My good friend Chris Hutt died on Saturday. He lived in Bristol and was a hero for cycling and the environment, dedicating huge chunks of his time to improving our streets and trying to turn the tide of increasing motorization. We are all fortunate that he started the Green Bristol Blog in May 2008, so we have two years of his detailed thoughts and analysis recorded. As he wrote in his first post, “At the very least (the blog is) no more than a personal record of my thoughts and deeds, recorded for my dotage so that I can see that I was once a literate and rational person (or so I now think) and of course something for posterity, to show the future world that I once existed and thought.” His blog became the go to place for transport campaigners and politicians alike as the caliber of discourse around transport issues was so high. As a politician, you ignored his blog at your peril.
He was one of those rare human beings who lived for the truth. He tirelessly and selflessly worked on his own time to improve our public streets and pathways. He was not stifled or led astray by corporate smoke and mirrors- in fact he had become quite disillusioned about what Sustrans- the organization he helped start- had become in recent years, and he provided a lot of background for my article about the organization last year.
He realized that what we were up against was not just bad policies, but something more deeply rooted- he coined the term on his blog last month, “Institutional Motorism – a deep rooted prejudice in favour of motorised traffic at the expense even of the safety, let alone the convenience, of those that dare to travel on foot or bicycle.” May the memory of his life inspire us to dig this fetid beast up by the root and replace it with something more beautiful, kind and humane.
I met Chris by chance the week I moved to Bristol in 2006 when he was sitting outside the YHA Hostel by the harbourside, where he liked to sit and watch the world go by. In the last year I was in Bristol, we had grown quite close and we often had long talks about transport, morality and politics. He thought the world of me, and I of him. I’d often come upon him riding his pink bike on the Bristol Bath path, and we would have good natured races- after he almost beat me last summer, he said, “not bad for an old man, eh?” He was always so kind to me, and to others, but you could tell that the injustice of the world hurt him deeply- he saw clearly that the people who are doing the most to preserve the world as we know it- those getting around by bike and foot- are also those who are suffering the worst impacts of our car dependent system.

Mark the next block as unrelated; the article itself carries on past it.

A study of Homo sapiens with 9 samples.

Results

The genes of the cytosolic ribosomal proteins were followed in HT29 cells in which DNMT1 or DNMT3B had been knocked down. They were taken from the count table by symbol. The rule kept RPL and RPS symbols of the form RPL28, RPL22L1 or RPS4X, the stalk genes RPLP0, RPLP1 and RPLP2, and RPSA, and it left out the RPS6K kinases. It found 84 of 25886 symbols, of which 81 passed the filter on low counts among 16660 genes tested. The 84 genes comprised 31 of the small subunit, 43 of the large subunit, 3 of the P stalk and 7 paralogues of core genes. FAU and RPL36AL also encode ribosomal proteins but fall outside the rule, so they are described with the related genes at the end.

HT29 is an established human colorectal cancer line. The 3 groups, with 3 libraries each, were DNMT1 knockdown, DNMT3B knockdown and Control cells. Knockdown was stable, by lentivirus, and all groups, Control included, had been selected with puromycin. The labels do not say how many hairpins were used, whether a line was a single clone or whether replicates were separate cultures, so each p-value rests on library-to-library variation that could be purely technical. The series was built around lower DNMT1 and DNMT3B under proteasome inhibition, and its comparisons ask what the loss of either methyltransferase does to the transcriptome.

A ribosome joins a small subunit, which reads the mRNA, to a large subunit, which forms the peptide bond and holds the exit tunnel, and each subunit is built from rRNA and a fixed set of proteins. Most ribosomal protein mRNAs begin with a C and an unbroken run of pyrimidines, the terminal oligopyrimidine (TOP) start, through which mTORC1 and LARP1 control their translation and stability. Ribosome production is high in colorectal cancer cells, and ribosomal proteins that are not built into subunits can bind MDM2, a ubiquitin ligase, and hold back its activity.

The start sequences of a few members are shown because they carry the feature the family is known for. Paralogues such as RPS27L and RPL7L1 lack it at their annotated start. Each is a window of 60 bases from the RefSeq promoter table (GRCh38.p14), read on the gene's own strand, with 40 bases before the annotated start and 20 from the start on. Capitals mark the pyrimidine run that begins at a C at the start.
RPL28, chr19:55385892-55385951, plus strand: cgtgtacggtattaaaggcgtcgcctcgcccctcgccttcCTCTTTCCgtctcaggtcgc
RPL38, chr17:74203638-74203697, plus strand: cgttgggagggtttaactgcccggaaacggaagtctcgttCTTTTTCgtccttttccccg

A part of me thinks he was aware that he was not long for this world- the fervor with which he campaigned for a sane and humane transport system has been terribly important for the development of Bristol’s livable streets movement, but it was not personally sustainable. As he wrote to me a month before his death, “I’ve been blogging/campaigning more or less non-stop for a year and a half and haven’t had a decent holiday for years. I know Bristol is just a drop in the ocean of humanity but it’s the drop where I can have some influence so I feel obliged to do what I can.”
Sadly, we won’t be reading any further posts on the Green Bristol Blog, but we can honour his memory by ensuring that the Bristol and Bath pathway that he was partly responsible for creating (and defending in recent years), is protected from development and diesel fumes forever. Step up, Bristol City Council.
Chris, may you cycle forever on continuous, sunny cycle paths through the fields with clean air, and look down at your friends carrying on the good work that you did. We already miss you so much.